Cleveland Protests The Michael Brelo Acquittal

by Chris Tognotti

On Saturday, a Cleveland judge ruled in the shooting death case of police officer Michael Brelo, and the decision has set off a firestorm of criticism and activism. After a four-week bench trial, Judge John P. O'Donnell concluded that Brelo was not guilty of manslaughter in the 2012 shooting of Timothy Russell and Malissa Williams, meaning he'll face no criminal penalty over their deaths. And if you're wondering where to find the Cleveland protests, they've been making themselves felt in the streets and on social media alike.

Perhaps the most striking, highly visible act of civil disobedience to occur since the ruling was announced had a very specific location — the Cleveland Memorial Shoreway, where protesters blocked off all lanes of traffic.

This is a mode of protest that's been seen in other cities too, like Berkeley, California in the aftermath of the Eric Garner non-indictment in December. It's obviously disruptive to the public, but that's exactly the point of this vein of protest — demanding people's attention, rather than just requesting it. If your only proximity to the protests is through social media, you can follow on Twitter with the hashtags #BlackLivesMatter and #BreloVerdict.

The details of the case, as CNN describes, are grim. Russell and Williams were killed in 2012 after a 22-mile police chase — the result, according to the prosecution, of Russell's car backfiring, and the police mistaking it for the sound of a gunshot. When the chase finally ended, prosecutors said, Cleveland police (Brelo included) fired over 100 shots towards the car, after which Brelo stood on the hood of the pair's car and fired 15 more shots through the windshield.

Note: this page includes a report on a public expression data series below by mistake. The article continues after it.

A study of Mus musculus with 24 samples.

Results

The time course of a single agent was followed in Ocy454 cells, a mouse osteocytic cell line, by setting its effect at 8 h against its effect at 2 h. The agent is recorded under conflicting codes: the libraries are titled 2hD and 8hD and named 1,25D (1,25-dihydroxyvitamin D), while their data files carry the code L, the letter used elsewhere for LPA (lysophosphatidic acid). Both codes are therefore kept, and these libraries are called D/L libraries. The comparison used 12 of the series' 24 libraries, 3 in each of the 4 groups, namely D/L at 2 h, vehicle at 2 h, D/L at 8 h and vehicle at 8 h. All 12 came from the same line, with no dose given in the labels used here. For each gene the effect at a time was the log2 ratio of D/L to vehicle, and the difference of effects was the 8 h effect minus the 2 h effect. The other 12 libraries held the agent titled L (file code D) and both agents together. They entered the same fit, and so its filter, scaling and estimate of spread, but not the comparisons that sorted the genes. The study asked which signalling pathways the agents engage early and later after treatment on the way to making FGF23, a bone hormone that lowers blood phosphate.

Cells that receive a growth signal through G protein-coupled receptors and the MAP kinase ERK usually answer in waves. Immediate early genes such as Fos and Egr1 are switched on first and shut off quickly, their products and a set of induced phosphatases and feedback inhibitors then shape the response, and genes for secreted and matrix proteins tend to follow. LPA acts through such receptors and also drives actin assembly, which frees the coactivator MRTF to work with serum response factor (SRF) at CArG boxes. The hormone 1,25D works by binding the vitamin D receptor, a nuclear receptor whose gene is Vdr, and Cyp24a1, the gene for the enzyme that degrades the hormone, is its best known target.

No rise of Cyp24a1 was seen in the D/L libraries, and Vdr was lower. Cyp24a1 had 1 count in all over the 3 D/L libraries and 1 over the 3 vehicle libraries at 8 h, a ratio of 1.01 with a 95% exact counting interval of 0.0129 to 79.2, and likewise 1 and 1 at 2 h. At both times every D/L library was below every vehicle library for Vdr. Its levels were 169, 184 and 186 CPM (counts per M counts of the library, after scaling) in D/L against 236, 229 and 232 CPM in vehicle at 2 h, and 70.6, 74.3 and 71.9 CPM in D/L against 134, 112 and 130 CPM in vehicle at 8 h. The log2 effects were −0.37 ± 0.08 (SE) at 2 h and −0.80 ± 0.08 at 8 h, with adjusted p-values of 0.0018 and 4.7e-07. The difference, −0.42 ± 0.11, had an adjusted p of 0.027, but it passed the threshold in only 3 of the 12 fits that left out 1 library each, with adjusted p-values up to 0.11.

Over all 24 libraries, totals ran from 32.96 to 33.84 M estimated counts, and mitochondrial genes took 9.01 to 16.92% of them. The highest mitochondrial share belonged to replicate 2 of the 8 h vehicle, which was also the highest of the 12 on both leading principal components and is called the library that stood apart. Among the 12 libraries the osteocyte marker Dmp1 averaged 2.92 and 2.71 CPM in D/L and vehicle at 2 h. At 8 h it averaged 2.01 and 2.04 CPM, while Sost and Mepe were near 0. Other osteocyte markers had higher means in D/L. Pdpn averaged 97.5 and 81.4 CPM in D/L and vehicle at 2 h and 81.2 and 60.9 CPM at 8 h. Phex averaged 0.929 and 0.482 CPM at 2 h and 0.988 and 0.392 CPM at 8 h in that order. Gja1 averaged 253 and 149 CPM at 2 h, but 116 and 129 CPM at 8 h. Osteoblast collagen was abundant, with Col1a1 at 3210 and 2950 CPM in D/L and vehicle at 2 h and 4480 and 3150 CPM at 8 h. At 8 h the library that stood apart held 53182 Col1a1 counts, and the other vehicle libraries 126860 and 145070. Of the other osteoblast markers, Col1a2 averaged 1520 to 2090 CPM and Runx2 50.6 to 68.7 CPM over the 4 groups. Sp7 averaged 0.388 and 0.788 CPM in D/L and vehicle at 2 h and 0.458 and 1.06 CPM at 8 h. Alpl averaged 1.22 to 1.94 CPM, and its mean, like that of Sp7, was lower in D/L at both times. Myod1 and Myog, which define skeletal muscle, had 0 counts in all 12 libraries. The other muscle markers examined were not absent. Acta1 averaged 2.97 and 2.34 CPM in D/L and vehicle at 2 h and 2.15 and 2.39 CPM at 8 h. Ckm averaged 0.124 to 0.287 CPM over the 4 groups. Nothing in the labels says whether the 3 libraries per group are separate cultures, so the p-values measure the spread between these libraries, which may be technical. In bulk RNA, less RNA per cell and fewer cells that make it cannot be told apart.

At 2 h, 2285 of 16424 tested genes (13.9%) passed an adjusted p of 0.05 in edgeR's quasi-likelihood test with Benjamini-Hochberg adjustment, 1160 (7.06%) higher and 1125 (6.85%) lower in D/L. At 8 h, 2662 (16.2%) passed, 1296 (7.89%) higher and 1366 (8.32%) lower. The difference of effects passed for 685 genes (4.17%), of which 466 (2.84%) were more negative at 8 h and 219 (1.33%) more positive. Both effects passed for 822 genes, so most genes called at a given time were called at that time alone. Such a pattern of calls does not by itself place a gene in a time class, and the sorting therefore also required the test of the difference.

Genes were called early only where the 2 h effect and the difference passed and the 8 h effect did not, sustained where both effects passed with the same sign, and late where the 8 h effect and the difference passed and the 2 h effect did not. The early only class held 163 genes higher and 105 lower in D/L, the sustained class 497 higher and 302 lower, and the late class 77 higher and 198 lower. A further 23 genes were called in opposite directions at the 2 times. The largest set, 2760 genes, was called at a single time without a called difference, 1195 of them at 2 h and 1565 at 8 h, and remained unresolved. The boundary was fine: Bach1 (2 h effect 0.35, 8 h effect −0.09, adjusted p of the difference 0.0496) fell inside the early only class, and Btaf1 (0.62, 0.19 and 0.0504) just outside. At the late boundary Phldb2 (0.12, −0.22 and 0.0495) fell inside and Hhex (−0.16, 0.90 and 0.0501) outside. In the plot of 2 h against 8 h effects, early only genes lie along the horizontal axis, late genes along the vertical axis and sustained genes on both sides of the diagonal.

However, O'Donnell acquitted Brelo, reportedly concluding that the chase and the officers' mistaken belief there was a gun in the car made them fear for their safety and the public's, and that it hadn't been demonstrated that Brelo's shots, and not the more than 100 prior, had actually caused the fatal wounds. Brelo's attorney Pat D'Angelo aggressively criticized the prosecution in a statement following the ruling, as detailed by

I've never in my 37 years as lawyer, witnessed such an unprofessional and vicious prosecution of a police figure.

So far, the protests in Cleveland are by all reports peaceful, and they're ongoing as the day draws to a close. It's important to remember that this issue goes beyond Williams and Russell, as well — it's still unclear what will happen in the case of slain 12-year-old Tamir Rice, who was fatally shot by Cleveland police officer Timothy Loehmann last year.